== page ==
Planning Keeps Dogs Safe on Valentine’s Day
Traditional Valentine’s Day fare such as chocolate, flowers, and candles can pose a threat to dogs.
Posted: February 14, 2008, 5 a.m. EST
Sixty percent of pet owners plan to include their furry friends in their Valentine’s Day celebrations, according to a nationwide Purina survey of 1,000 pet owners in the United States. However, pet owners may want to show their dogs a little love by taking a few extra precautions for the holiday.
Sweet smells can attract dogs to chocolate or candy, but accidental ingestion can be hazardous to their health. Pet owners should be on the lookout for symptoms of ingestion such as vomiting, diarrhea, seizures, hyperactivity, and increased thirst, urination, and heart rate according to the American Society for the Prevention of Cruelty to Animals (ASPCA).
In addition, aluminum foil and cellophane candy wrappers are dangerous as they may cause intestinal blockage and induce vomiting.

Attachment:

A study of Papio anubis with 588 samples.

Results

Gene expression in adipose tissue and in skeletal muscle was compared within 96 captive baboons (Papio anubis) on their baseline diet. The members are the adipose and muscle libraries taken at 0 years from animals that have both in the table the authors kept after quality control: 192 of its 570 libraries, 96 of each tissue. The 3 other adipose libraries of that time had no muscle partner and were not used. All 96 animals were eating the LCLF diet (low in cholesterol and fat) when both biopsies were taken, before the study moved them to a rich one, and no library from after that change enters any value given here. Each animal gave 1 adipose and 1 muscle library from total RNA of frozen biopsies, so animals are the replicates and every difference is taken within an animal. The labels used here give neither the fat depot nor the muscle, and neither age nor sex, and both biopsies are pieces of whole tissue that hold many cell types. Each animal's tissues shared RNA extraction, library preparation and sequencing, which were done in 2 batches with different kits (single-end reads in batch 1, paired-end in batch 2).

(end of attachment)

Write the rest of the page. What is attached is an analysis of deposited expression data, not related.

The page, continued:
Candles may be romantic, but dogs who run past one may knock it over and start a house fire. Keep candles in a location where pets cannot reach them.
Flower bouquets are popular gifts on Valentine’s Day, but a colorful and scented floral display may attract a dog’s attention.
“Animals are very good at sniffing out things they shouldn’t eat,” said Dr. Stephen Hansen, veterinary toxicologist and senior vice president of the ASPCA’s Animal Poison Control Center.
By taking a few precautionary steps, Valentine’s Day celebrations can continue while emergency veterinary clinic visits are kept at bay.